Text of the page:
March 30, 2012 3 Comments
I really do enjoy my subscription to Canadian Notes and Queries. It is probably my only periodical – outside of Chirp – which I happily renew every year without even having to consider it. I love Seth’s design work. I love the featured cartooning work. I love the often arch and argumentative nature of many of the essays. And I love that they give space to David Mason, really the only space in any Canadian periodical given to an antiquarian book dealer. But,
Dear Mr. Mason,
You lost me with your latest contribution, “Secrets of the Book Trade: Number 1“. I sorrily admit I didn’t understand a word of it. I followed you as far as the admission that antiquarian booksellers are snobs - agreed, and good for you! – but the following generalizations about trade bookselling sounded outright made up.
Which booksellers, pray tell, were you referring to? I’m not sure if you’ve looked around lately, but there aren’t a lot of trade booksellers left, and those still standing don’t bear any resemblance whatsoever to the characture you’ve drawn. “…what they are lacking is knowledge of about 500 years of the history of their trade.”? “new booksellers share with publishers is a certain distrust – even fear – of antiquarian booksellers”? “You order a bunch of books from a catalogue, provided by a publisher, sell what you can and return what you can’t. No risk, no penalty, if your opinion of what might sell is wrong.”???
The above quotes represent three total untruths about trade bookselling featured in your essay.
Just this week Ben McNally delivered the 2012 Katz Lecture at the Thomas Fisher on the topic of Is There a Future (Or Even a Present) for Bookselling? which included a learned history of the book trade. Yesterday I attended new book creator Andrew Steeves‘ lecture on “The Ecology of the Book” which also consisted, largely, of a history of the book trade. Even I am a new book seller and a book historian, not to mention an antiquarian book lover and collector. The booksellers I know – those who remain – are very knowledgeable people who are in no way the peddlers of pap you seem to be describing. I think you and I can agree that Chapters/Indigo is not staffed by “booksellers” so let’s leave out their lack of participation in the larger world of books – unless it was actually that straw man you meant to burn down, in which case I’d feel better if you’d been a little more clear.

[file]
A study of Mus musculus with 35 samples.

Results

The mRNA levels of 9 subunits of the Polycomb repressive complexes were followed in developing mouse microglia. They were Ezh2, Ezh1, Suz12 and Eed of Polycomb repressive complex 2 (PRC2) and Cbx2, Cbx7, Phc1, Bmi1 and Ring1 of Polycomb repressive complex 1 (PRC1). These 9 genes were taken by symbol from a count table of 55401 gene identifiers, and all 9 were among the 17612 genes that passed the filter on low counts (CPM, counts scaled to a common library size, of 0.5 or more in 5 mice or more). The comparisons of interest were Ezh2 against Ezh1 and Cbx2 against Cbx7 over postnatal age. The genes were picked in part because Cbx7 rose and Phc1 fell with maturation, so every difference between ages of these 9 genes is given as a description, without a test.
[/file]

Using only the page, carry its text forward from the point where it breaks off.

We bear the antiquarian trade no ill-will. In fact we continue to foster relationships with used and rare sellers. Our remainder tables continue to be pillaged by scouts and dealers, and we offer deep discounts to some favoured dealers who will take away our overstock by the box. We know that the antiquarian dealers do us the same service we do them – redirecting customers who erroneously visit one or the other of us in search of “nice copies of…” or “cheap copies of…”. I send my customers to you weekly. I hope you do us the same courtesy.
As to this business of publishers’ returns policies giving us a free pass… well, perhaps it is this which stuck in my craw the worst, as I hear it again and again from everyone, customers, academics, and now you, who should know better. The ability to return a limited quantity of books allows us nothing but the merest bit of breathing space. We have to remainder or toss books too. We have to vet the vast, vast floods of new books which are solicited each year into a good, salable collection of which we can return no more than 15% and, even then, which we often have to return at great cost to ourselves in shipping and brokerage – especially brokerage. Choosing which books will sell requires not just an intimate knowledge of every author, publisher and subject we cover, but of our customers and their interests, price points, and whims. Every book we buy is a gamble. Unlike you, who can pick up certain Modern Firsts at a good price without having to think about it, we have to speculate on the market of every book which comes through the door. And we can only be wrong 10-15% of the time.
Further, if we feel a social responsibility to pick up and flog new, upcoming authors and presses with no existing market whatsoever in the name of encouraging local talent and the potential cultural giants of tomorrow, we do so by the grace of this returns policy. Not that we send books back to small and independent publishers – quite the contrary, we have a policy of keeping these books whether they sell or not, out of respect for the limited resources of their publishers. But we can do it because of the returns to larger publishers who can afford it, which will let us free up some cash for zero-gain experiments.
I cannot imagine what point you will eventually make with Number 2 of this series after making such an artificial distinction between booksellers in Number 1. If your intention was merely to point out how very learned you are, I salute you but suggest that you do not become more learned by painting us as less learned. I’d like to suggest that a more useful project might be to make common cause against the real outsider in our field, the entirely algorithm-based online bookseller who is undermining both our businesses by selling entirely unvetted, undifferentiated texts based on price point alone. But that’s another post.
In conclusion, I think you’ll find those booksellers among us who remain in business in this difficult age are a hardy bunch, creamier than whatever booksellers of yesteryear you’re remembering. We each have our bodies of knowledge about aspects of the objects we dedicate our lives to. We are aware of how we compliment each other – have we kissed and made up yet?
Thanks for you time,
P.S. I would love and prefer a job in antiquarian bookselling. If you’re ever looking for a knowledgeable and neurotically dedicated apprentice, you just let me know.